Great crested newts, a jade rabbit, care & labour, taste & senses, and the earth from space. Live video editing, improvised jazz, teach-ins, a food enterprise, and a collective performance. In two hours, we had time only to try on all these subjects and formats for size, glance in the mirror, compare them to our own wardrobe, and consider complementary accessories. If I had to neatly stitch them all together (and apologies for the strange outfit and the over-laboured metaphor), there were threads around collaboration, working with others to make and perform the work. Also agency, meaning the context which gives the work traction, makes it make sense and have impact.
Pallete to Palate is Lydia Lee’s new food enterprise, to open a gallery which offers specially tailored meals inspired by the artworks. She is collaborating with a chef to devise menus, and she served us sweet potato balls with little jewels of salad, which responded to the work of Ji Min. We talked about sustainability and where the food has come from, how closely she should work with the artists, and how adventurous she could be with her presentation.
Leonie Roushar & Ishwari Bhalerao showed us their website for their project Kneed. Their teach-ins during the university strike have explored labour, process, physicality and time; as well as ‘kneading’ conversation around “needing” as necessity, nourishment, or obligation, including a questionnaire-cum-equisite-corpse game. The group thought the contexts they had been working in were relevant and interesting, and they could talk about these more on the website (rather than trying to present as professional / not students).
Masha Rozhnova shared two films that were documentation of live performance, where she had been live mixing video with music – collaborations with live musicians improvising jazz. The double improvisation was beautiful and mesmeric and I particularly enjoyed the one about planet earth as home – oddly sentimental. We talked about whether the viewer would catch all the same references as she had intended, and if that mattered.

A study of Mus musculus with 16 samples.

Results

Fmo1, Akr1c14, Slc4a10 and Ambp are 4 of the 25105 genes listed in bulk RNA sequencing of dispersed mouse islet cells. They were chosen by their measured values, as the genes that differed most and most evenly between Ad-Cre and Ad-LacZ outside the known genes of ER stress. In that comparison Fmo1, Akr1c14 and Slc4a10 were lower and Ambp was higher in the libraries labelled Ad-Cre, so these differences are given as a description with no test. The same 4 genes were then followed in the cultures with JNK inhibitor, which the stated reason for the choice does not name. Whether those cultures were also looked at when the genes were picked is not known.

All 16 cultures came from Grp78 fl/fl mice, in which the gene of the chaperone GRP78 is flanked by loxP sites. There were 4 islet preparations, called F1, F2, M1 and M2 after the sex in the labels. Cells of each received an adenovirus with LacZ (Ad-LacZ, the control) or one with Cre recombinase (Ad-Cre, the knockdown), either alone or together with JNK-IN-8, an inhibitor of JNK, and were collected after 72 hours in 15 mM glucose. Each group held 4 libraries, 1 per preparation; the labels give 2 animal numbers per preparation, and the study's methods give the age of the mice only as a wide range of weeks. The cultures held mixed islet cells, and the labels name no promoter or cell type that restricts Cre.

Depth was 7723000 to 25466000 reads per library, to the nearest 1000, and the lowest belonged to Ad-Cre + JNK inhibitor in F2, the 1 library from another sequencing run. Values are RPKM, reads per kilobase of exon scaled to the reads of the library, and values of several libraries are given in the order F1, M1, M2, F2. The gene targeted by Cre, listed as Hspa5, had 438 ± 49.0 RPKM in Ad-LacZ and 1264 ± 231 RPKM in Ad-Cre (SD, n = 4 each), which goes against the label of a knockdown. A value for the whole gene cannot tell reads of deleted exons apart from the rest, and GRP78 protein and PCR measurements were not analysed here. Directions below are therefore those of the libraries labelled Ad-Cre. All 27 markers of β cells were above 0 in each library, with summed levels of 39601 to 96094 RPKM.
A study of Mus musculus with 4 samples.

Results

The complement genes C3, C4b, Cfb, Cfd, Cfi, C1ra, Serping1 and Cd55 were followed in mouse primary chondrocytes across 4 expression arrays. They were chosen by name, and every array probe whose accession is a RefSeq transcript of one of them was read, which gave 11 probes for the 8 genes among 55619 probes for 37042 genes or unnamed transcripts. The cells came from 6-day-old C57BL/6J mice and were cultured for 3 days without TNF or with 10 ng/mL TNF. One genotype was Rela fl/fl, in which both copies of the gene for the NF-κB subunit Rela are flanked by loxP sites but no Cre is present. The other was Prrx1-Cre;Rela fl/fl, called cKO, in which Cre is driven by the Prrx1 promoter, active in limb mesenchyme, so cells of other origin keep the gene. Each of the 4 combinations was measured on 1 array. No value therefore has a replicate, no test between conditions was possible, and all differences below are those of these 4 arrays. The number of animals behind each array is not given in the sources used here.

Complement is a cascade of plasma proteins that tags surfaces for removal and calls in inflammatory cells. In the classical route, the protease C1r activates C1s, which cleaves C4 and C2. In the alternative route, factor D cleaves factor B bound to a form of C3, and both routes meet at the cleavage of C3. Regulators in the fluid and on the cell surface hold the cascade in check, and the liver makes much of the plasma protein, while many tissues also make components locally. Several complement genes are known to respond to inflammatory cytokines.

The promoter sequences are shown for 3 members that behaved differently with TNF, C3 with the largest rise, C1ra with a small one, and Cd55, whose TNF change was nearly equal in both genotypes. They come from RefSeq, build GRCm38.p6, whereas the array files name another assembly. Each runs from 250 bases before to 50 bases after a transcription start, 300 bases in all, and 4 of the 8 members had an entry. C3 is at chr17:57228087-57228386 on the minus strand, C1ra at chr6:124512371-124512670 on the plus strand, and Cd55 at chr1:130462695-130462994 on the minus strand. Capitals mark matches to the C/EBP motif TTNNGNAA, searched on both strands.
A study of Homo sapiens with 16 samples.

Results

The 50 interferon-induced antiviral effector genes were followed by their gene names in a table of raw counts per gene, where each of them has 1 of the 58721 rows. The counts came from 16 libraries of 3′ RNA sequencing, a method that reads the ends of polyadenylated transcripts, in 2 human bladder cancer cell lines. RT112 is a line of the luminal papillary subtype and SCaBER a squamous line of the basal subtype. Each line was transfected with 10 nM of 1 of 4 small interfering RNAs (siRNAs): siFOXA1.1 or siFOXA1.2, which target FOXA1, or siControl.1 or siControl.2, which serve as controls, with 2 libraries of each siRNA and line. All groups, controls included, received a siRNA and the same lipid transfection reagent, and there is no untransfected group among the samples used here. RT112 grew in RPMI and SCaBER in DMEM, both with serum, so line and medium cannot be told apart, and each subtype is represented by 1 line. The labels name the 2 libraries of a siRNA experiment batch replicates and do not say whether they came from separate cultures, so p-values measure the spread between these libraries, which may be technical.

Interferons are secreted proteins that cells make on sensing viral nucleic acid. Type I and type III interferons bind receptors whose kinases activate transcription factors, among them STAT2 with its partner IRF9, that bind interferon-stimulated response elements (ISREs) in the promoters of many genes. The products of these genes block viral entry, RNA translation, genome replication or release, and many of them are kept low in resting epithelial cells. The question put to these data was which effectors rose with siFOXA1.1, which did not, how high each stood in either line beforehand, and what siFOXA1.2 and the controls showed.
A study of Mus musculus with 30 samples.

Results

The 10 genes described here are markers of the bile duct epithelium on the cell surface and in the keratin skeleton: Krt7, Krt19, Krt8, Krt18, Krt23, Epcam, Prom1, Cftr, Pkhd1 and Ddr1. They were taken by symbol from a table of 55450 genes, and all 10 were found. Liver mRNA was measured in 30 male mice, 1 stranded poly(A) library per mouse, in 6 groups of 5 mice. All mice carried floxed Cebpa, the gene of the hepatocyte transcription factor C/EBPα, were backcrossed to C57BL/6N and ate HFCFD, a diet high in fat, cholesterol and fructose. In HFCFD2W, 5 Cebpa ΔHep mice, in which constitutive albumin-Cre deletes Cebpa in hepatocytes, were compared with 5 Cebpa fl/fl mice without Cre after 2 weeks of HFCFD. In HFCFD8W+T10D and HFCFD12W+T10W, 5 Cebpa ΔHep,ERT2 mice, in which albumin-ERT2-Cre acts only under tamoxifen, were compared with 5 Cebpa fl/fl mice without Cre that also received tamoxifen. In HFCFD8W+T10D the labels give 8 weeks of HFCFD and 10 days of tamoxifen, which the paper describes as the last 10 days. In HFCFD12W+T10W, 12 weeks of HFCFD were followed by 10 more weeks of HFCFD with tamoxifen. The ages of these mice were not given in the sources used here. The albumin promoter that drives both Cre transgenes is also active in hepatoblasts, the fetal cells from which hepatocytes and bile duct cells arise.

Youngsook Choi presented a script performed by the group with veils over our heads. The Emperor’s Jade Rabbit weaves the mythological tale of Chinese Moon Rabbit, the immortal creature living on the moon, into the recounts of female migrant cleaners and western superstition/folklore around the use of a broom. Youngsook wanted to know if might be exploitative to ask people to perform, and how different audiences and performers might influence the reading of the work. The group talked about the power relations at play in art galleries, and being implicated through the text.
Finally, Sophie Blagden shared her radio play, a ‘domestic drama’ set in a pond, which considers the relationship of a pair of Great Crested Newts. Could the play be extended? re-recorded with professional actor? workshopped? Could placing it in a wider context of development give it more agency and urgency? We talked about how the newts operate on a different economy and ecology, but one which intersects with ours: ‘well known to property developers and ecologists alike, these elusive creatures can grind building projects to a halt.’ The power of a tiny newt to grind capitalism to a halt.
Many thanks to the generosity of the artists and those who joined the conversation: Jennie Foot, Michael Balamwezi, Robert Lovejoy and Holly Graham.
Images: Artists Lunchtime Feedback, a session led by Ruth Beale at Turf Projects (November 2019). Photos © Turf Projects.